HomeEditorial CommentMnangagwa ban added fuel to a fire

Mnangagwa ban added fuel to a fire

The government’s on-going crackdown against financial institutions to stem the collapse of the Zimbabwe dollar will only worsen the economic crisis facing the country instead of solving it.

President Emmerson Mnangagwa, who after the 2017 coup declared that Zimbabwe was open for businesses following years of ruinous economic policies by the ruling Zanu PF, on May 7 banned banks from doing their core business which is lending.

Mnangagwa said the shock measures were meant to cripple speculators whom he said were behind the rapid collapse of the local currency, which was reintroduced in 2019.

The negative effects of the ban on the economy were immediately felt.

Companies such as Tongaat Hullett, one of the major producers of sugar in Zimbabwe, announced that they had stopped credit sales and advances to suppliers.

Dairiboard Holdings said it had stopped payment of dividends that were declared recently.

Some agro processing companies advised suppliers that they were suspending advance payments in light of Mnangagwa’s directive.

The companies said they normally funded the advances from loan proceeds, which they received from banks and the ban meant that the taps had been abruptly closed.

Stung by the unfolding crisis, the Reserve Bank of Zimbabwe (RBZ) on Thursday announced that suspension of lending did not apply to marketable commodities in what was a clear contradiction of Mnangagwa’s announcement.

The RBZ said: “suspension of lending facilities does not apply to marketable commodities such as tobacco, cotton, sugar, maize, etc.”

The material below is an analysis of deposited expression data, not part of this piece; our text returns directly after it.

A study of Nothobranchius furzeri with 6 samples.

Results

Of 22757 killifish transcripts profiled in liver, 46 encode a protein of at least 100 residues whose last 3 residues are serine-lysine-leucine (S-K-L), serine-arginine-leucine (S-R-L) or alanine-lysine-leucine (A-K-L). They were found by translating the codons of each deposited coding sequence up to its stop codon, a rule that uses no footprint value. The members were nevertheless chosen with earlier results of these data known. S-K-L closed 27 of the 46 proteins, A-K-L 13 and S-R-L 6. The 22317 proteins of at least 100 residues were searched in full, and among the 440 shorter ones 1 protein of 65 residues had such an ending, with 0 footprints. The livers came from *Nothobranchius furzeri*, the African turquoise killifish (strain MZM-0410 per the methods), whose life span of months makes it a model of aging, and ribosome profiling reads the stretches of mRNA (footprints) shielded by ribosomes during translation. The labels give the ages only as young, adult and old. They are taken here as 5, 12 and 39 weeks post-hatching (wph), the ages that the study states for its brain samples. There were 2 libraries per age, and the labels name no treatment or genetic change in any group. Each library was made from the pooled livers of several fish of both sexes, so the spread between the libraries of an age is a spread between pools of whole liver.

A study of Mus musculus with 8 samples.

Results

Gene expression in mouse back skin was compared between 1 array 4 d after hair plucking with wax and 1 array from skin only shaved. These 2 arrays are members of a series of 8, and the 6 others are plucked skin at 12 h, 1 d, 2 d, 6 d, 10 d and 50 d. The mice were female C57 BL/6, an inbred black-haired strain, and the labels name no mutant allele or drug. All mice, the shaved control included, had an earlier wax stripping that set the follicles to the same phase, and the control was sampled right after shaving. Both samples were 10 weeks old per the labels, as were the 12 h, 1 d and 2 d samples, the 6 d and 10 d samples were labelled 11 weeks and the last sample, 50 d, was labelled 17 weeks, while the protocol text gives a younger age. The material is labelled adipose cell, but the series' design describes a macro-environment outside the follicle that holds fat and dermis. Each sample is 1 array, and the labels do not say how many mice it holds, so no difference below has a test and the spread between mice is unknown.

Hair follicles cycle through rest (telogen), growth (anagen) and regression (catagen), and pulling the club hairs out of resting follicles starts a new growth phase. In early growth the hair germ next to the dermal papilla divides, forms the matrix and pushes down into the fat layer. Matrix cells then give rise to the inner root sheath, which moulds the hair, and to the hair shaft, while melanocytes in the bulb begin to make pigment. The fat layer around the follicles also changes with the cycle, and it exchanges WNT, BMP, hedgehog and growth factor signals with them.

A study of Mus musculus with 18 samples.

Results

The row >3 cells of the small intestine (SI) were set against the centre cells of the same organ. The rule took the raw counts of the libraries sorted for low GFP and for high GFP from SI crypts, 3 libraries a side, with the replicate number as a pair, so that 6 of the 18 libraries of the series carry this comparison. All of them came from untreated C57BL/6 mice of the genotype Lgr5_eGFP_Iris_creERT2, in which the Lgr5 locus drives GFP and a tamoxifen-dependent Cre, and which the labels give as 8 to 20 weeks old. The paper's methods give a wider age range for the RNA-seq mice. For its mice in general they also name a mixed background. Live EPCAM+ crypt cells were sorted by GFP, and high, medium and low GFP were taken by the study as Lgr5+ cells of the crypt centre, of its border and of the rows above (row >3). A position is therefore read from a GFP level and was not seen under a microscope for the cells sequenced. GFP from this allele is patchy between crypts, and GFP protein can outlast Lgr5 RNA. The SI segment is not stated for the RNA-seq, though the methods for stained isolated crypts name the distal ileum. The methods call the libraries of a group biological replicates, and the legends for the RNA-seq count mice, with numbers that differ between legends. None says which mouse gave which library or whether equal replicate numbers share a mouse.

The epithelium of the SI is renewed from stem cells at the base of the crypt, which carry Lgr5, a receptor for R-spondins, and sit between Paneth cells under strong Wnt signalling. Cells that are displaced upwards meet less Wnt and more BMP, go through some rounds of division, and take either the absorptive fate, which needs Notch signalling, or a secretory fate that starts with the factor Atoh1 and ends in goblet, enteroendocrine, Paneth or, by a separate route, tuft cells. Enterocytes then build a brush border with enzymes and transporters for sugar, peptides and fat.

However, it was a case of too little too late from the central bank. The horses had already bolted.

Mnangagwa’s order has destroyed the little confidence that his government has the wherewithal to address the economic crisis that has been raging for the past two decades.

His claim that Zimbabwe is open for business has been exposed as a façade.

The onslaught against banks and other private businesses are clearly driven by political imperatives than sound economic interventions.

Mnangagwa’s Zanu PF believes that there are invisible forces out to remove it from power, hence the cries about sabotage in the on-going debate about the currency crisis.

Previously the government has come hard on enterprises such as Ecocash and the Zimbabwe Stock Exchange under the mistaken assumption that they were behind the collapse of the Zimbabwe dollar.

Yet credible investigations have revealed that Zimbabwe’s currency problems are precipitated by business people that have deep connections with the ruling party, who use their connections and government contracts to manipulate the vulnerable dollar.

The banks are being unfairly targeted and the consequences will be very dire for the wider economy.